One Company’s Life Cycle

By Lloyd Graff

Jeff Pedu called Graff-Pinkert to find a new home for three Schutte screw machines, an SD32, SD50 and SD80, that his dad bought new in 1967 for the family’s machining company, now called Placid Industries. They don’t need them anymore because they sold the company recently, and the new buyer doesn’t want multi-spindles. The machines may have no value, but Jeff’s story of a small American manufacturing plant, started 62 years ago by his father on Long Island, is the stuff I love about working with machining people.

The company started as a job shop after the Korean War. It was growing in the mid-‘60s but Alex Pedu didn’t like the economic climate of labor unions and high wages around New York City and decided to move the business to upstate New York, little Lake Placid, which is famous for only one thing, the Winter Olympics of 1980 when the American hockey team beat the Russians in the Miracle on Ice. It is slightly miraculous, too, that the tiny 10-person shop of the Pedu family has survived profitably since then.

The United States hockey team celebrating the victory over the Soviets at the 1980 Winter Olympics in Lake Placid, N.Y. Courtesy of the New York Times.

Soon after the Olympics Jeff’s dad, a tinkerer and lover of mechanical things who fell asleep at night reading machinery catalogs, developed a clutch and brake product for specialty applications. Son Jeff had just come into the business, and he had no taste for the insecurity of the job shop world so father and son focused on the clutch business. They kept the three big Schutte multi-spindles partly because their loyal employee from Switzerland who set them up and ran them made the move to Lake Placid with the Pedus. He worked there until he retired ten years ago.

The clutch and brake business developed into a highly profitable cash producer. It was a low-volume, high-margin product with long-term clients who valued American quality and reliability. Jeff’s brother Jason came into the business in the 1990s.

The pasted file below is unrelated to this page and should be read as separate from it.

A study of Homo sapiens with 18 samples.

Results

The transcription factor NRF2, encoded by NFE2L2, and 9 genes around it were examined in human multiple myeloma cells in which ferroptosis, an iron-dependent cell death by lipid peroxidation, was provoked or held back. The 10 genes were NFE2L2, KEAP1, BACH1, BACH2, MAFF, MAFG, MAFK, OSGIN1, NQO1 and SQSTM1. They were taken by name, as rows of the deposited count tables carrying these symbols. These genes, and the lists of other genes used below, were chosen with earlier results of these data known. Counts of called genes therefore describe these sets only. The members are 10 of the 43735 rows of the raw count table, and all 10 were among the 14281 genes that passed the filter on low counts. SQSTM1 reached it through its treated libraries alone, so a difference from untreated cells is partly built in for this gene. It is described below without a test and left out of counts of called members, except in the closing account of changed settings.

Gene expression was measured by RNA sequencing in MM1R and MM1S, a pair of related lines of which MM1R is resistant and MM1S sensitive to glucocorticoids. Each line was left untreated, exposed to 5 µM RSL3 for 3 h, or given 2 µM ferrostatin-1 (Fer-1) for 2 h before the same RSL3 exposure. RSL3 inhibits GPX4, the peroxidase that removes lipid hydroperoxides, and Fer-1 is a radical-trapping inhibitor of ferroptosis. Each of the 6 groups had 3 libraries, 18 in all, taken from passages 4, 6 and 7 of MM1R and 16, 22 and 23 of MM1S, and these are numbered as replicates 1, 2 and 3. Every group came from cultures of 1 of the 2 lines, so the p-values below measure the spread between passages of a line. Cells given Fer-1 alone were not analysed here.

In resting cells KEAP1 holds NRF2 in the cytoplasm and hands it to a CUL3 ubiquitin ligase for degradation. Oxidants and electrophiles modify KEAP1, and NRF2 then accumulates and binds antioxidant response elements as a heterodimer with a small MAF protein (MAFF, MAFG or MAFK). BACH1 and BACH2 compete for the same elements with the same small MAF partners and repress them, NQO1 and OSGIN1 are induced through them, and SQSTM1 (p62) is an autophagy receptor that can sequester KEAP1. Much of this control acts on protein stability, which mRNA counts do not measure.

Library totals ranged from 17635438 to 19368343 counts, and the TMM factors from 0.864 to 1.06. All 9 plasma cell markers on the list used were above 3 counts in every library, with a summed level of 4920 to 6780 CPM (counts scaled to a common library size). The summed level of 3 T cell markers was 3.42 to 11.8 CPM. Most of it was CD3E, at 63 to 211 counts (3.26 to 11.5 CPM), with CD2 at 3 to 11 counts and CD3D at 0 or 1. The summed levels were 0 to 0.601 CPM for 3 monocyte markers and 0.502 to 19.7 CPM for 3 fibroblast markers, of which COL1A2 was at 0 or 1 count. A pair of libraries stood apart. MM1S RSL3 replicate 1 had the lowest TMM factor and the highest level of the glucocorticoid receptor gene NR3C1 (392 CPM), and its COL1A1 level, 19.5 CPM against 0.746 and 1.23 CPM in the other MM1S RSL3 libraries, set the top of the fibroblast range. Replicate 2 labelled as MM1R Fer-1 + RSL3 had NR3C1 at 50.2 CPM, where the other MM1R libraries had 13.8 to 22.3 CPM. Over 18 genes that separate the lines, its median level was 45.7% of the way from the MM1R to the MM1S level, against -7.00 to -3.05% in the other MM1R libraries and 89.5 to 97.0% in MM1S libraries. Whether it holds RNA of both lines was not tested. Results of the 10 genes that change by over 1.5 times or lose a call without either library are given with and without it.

Jeff and Jason’s father died in 1987, but the business continued to prosper under the sons’ ownership. With a staff of 10 including the owners they could make a nice living with around $2 million in sales.

But every business has a cycle. Jeff’s two children are now launched in careers outside of Placid Industries. Jeff’s wife is spending much of her time in Florida dealing with her ailing mother. Jason’s daughter is only 10 now. The Pedus’ 91-year-old mother, who owned 8% of the stock, lives in Florida, too. When Jeff and Jason Pedu made the decision to sell the company, they called everybody they knew in the clutch and brake business and many they didn’t know. They ultimately figured out a price that made sense to a buyer and would satisfy them. For a closely held business with a profitable product line like theirs the price was probably about 4-5 times EBITDA (earnings before interest, taxes, depreciation and amortization). Jeff is now headed to Florida; Jason is sticking around Lake Placid.

The buyer of Placid Industries is SEPAC, Inc., a privately held 40-person firm whose owners are refugees of the old Bendix plant in Elmira, New York. They are moving the operation. They do not need three 1967 Schutte multi-spindle screw machines with a thousand collets. They bought a product, a brand and a reputation that they believe they can grow.

After 62 years, the Pedus are walking away comfortable and happy. Anybody need a big Schutte in a hurry?

Questions: Do you want to sell your business? Would you like to buy one?


  1. avatarLEE BAKER

    I bought a used Lidkoping Centerless grinder from Alex back in the 80s. He was a very honest man to deal with, so glad to hear his family is doing well. Thanks for publishing his story.

     
  2. avatarKeith

    Looking to sell in about 3 years. Looking at improved sales to the oil field industry as they recover from the dip in crude oil prices. So far this year has been much stronger for us in all sectors. Thanks for sharing the Placid Industries story.